Resident concerned over drop in recyclers’ pay

2016-12-14 06:01
Imbali bottle recycler Nsikelelo Dladla is concerned about the drastic decrease of the recycling payment recyclers are receiving from the Wildlands Conservation Trust recycling project. PHOTO: Ian carbutt

Imbali bottle recycler Nsikelelo Dladla is concerned about the drastic decrease of the recycling payment recyclers are receiving from the Wildlands Conservation Trust recycling project. PHOTO: Ian carbutt


Nsikelelo Dladla said that after his retirement two years ago, he started collecting bottles for the project. He said the company provided recyclers with sacks and goggles which they wear as they have to break the bottles before they are collected by Wildlands and then transported to the Consol company in Gauteng.

He said earlier this year they were told by the regional Wildlands management that there would be a decrease in the money they were paid for recycling.

Dladla said at the beginning of the year he would pocket more that R400 for a sack of bottles weighing 1 000kg but last month he was paid only R150 for the same weight.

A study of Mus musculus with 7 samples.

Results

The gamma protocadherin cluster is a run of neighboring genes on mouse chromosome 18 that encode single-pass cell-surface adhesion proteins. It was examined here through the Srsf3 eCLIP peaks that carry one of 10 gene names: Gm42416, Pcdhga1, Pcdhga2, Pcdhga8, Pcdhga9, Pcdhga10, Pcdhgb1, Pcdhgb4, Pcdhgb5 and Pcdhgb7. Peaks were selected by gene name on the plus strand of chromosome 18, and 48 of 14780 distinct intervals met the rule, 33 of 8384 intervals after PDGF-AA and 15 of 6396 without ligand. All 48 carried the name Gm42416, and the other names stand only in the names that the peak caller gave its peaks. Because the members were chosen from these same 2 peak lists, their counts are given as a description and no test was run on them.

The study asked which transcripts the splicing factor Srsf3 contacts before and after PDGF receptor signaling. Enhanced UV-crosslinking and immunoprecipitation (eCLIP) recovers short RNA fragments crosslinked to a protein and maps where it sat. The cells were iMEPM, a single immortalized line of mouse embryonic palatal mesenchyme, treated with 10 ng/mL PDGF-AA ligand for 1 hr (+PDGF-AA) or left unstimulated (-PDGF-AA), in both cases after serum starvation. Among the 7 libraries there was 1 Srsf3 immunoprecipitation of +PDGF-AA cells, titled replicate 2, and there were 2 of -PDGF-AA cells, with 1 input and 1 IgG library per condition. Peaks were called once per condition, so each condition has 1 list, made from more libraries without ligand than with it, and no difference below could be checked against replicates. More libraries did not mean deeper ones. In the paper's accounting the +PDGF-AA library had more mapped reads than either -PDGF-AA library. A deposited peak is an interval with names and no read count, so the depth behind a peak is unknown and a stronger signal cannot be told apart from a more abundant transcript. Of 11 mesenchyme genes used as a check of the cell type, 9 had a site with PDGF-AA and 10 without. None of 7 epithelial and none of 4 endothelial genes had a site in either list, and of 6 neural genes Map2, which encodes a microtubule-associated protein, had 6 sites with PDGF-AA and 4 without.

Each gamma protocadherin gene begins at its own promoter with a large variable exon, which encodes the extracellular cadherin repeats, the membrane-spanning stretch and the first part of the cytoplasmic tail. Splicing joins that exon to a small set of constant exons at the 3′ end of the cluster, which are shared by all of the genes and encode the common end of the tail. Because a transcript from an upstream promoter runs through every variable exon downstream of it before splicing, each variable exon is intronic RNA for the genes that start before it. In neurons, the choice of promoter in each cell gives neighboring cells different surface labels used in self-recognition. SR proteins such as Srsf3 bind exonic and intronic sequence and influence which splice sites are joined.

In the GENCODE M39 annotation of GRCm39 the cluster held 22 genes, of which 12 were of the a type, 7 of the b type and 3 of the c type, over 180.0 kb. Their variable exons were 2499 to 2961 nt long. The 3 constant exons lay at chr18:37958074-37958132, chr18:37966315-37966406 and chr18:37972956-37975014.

“We go around the township pushing heavy trollies digging around dirt collecting these bottles. On top of that we have to break and smash these bottles until they weigh 1 000kg or more. This is hard labour and they are now paying us peanuts,” said Dladla.

He said eight of his co-recyclers have stopped collecting because the pay is not worth the job anymore.

“I am still passionate about recycling as it helps me provide for my family and it has become like a hobby to me.”

Speaking on behalf of the Wildlands Conservation Trust, Pietermaritzburg regional recycling depot manager Noluvuyo Sixholo said the radical decrease is due to the government not funding them anymore. She said Wildlands has been receiving funding to run the recycling project from the Department of Environmental Affairs. She does not know why the department pulled out. She said before the government pulled out, the programme paid 30 cents per kilogram but now it pays 15 cents per kilogram.

“We told our recyclers this beforehand. We have noticed that some have stopped recycling, but some are continuing because they really need the money.

“We feel for them but there is not much we can do to assist them,” said Sixholo.

She added that the recycling depot used to have 12 vehicles that collect the recycled waste around the city but they have been cut down to just four due to money issues, adding that some people working for the recycling project will also be retrenched on the 15th of this month.She said she personally does not know if her superiors have a plan other than to hope that the government funds them again.

Dladla added that he is concerned about what will happen to all the uncollected recyclable waste lying around communities.

“I urge Wildlands and Consol to come up with solutions swiftly, as this matter does not only affect recyclers, but the communities at large,” he said.